In this issue of the Healthcare Workforce Advisor, we look at some of the challenges physicians face, talk with industry experts about the solutions that are needed, and explore a few areas where help may be on the way. This post excerpts an article by HealthStream’s Karen Sorensen, Associate Vice President, National Initiatives. Subscribe to Healthcare Workforce Advisor.
Before his appointment to the United States Supreme Court, Louis Brandeis made his famous statement that “sunlight is said to be the best of disinfectants” in a 1913 Harper’s Weekly article. While the roots of the Physician Payments Sunshine Act may not reach that far back, the groundwork was laid in the 1990s when researchers were able to document that financial considerations could affect physicians’ practice patterns. This realization eventually led to anti-kickback legislation and the Stark Law, which prohibits physicians from referring Medicare and Medicaid patients to a facility with which the physician or a member of his or her immediate family has a financial relationship. The 1990s also saw an increase in federal funding of medical research, which prompted the National Institutes of Health in 1995 to encourage medical institutions to have a process in place to manage potential conflicts of interest. However, at the time, there was no targeted legislation to reinforce this recommendation.
By the early 2000s, research started to show that even small gifts, such as the pens and mugs that were routinely given to physicians, could influence prescribing patterns. This led to significant changes to some pharmaceutical marketing practices. In 2007, Senators Charles Grassley (IA) and Herb Kohl (WI) introduced the Physician Payments Sunshine Act in an effort to increase transparency in payments to physicians. However, the legislation failed as a stand-alone bill.
By 2008, Sen. Grassley was holding congressional hearings on the relationship between the pharmaceutical and medical device industry and physicians. The persistent exposure of conflicts of interest between physicians and pharmaceutical companies paved the way for the inclusion of provisions of Grassley and Kohl’s proposed Physician Payments Sunshine Act into the final language of the Affordable Care Act of 2010.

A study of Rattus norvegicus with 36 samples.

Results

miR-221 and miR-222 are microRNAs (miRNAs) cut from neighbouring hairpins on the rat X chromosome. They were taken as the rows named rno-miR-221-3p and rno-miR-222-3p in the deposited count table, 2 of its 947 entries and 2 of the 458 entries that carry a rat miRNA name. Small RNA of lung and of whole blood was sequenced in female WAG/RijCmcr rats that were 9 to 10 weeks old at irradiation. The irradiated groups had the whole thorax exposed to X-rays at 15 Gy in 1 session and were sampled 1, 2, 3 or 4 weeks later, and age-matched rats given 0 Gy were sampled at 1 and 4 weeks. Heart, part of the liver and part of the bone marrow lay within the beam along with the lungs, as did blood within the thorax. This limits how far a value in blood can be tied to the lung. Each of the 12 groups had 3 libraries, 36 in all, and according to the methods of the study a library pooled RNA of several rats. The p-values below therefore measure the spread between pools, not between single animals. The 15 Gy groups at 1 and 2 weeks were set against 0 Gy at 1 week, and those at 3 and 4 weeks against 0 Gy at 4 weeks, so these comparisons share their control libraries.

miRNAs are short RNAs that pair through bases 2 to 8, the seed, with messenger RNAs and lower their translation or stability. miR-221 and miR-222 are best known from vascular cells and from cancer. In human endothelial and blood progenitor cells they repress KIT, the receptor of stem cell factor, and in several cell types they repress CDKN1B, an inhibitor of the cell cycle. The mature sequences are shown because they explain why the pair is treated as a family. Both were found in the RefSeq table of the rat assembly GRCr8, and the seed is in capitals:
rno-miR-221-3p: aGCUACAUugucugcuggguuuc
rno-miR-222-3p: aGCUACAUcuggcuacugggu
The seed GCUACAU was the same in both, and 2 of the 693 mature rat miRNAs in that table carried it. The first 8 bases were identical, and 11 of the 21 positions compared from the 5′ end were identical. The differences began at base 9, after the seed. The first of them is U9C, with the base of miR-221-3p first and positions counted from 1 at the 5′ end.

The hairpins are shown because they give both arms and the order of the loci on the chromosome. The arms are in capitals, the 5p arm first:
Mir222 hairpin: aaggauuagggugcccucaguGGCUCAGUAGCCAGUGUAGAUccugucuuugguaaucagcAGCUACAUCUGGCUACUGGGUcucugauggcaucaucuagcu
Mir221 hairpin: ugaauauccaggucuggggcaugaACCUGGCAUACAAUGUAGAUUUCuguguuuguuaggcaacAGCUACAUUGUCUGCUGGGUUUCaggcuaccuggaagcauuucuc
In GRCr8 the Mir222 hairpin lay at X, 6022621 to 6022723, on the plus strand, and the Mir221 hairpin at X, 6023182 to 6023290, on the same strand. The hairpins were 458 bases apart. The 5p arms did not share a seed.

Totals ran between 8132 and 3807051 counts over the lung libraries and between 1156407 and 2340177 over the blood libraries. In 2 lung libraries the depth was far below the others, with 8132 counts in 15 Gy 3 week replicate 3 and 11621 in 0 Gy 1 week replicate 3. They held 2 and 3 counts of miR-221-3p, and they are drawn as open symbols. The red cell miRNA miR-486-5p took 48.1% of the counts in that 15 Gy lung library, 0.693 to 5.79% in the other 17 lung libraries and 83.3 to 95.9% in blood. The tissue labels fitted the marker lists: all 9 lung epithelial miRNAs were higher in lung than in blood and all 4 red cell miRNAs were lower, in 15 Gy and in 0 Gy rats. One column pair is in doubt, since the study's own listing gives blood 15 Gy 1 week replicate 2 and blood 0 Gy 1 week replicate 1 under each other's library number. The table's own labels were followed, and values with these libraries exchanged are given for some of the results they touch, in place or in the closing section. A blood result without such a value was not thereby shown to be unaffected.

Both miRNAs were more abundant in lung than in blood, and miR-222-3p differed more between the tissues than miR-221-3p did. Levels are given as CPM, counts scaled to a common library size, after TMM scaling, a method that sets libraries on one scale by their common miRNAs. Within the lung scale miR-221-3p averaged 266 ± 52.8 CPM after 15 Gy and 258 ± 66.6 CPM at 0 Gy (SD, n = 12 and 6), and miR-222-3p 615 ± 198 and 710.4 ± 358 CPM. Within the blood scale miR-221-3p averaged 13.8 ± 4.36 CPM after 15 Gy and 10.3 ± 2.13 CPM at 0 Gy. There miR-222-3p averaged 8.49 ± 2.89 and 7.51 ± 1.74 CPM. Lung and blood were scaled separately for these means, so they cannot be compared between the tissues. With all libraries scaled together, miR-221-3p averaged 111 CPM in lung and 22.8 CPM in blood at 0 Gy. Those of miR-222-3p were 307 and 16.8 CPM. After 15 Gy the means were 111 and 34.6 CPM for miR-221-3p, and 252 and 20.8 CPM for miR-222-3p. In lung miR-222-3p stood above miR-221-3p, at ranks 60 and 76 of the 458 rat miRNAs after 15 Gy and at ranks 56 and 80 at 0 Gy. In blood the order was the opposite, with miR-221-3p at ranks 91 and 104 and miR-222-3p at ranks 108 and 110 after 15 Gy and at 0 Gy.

Since 2013, these Sunshine Act provisions have required pharmaceutical companies and medical device manufacturers to report payments and/or transfers of value of $10 or more (or annual aggregate value of $100 or more) given to physicians and teaching hospitals that participate in Medicare, Medicaid and other federal healthcare programs. CMS is responsible for implementing these provisions, which it calls the Open Payments program.
Companies must group payments or transfers of value into one of 14 categories, which are then summarized into Research, Ownership, and General Payments. Manufacturers and Group Purchasing Organizations (GPOs) are also required to report ownership or investment interests held by physicians and/or their immediate family members in those companies. Prior to public reporting, physicians are able to review the payments being reported and to contest any data they believe is incorrect.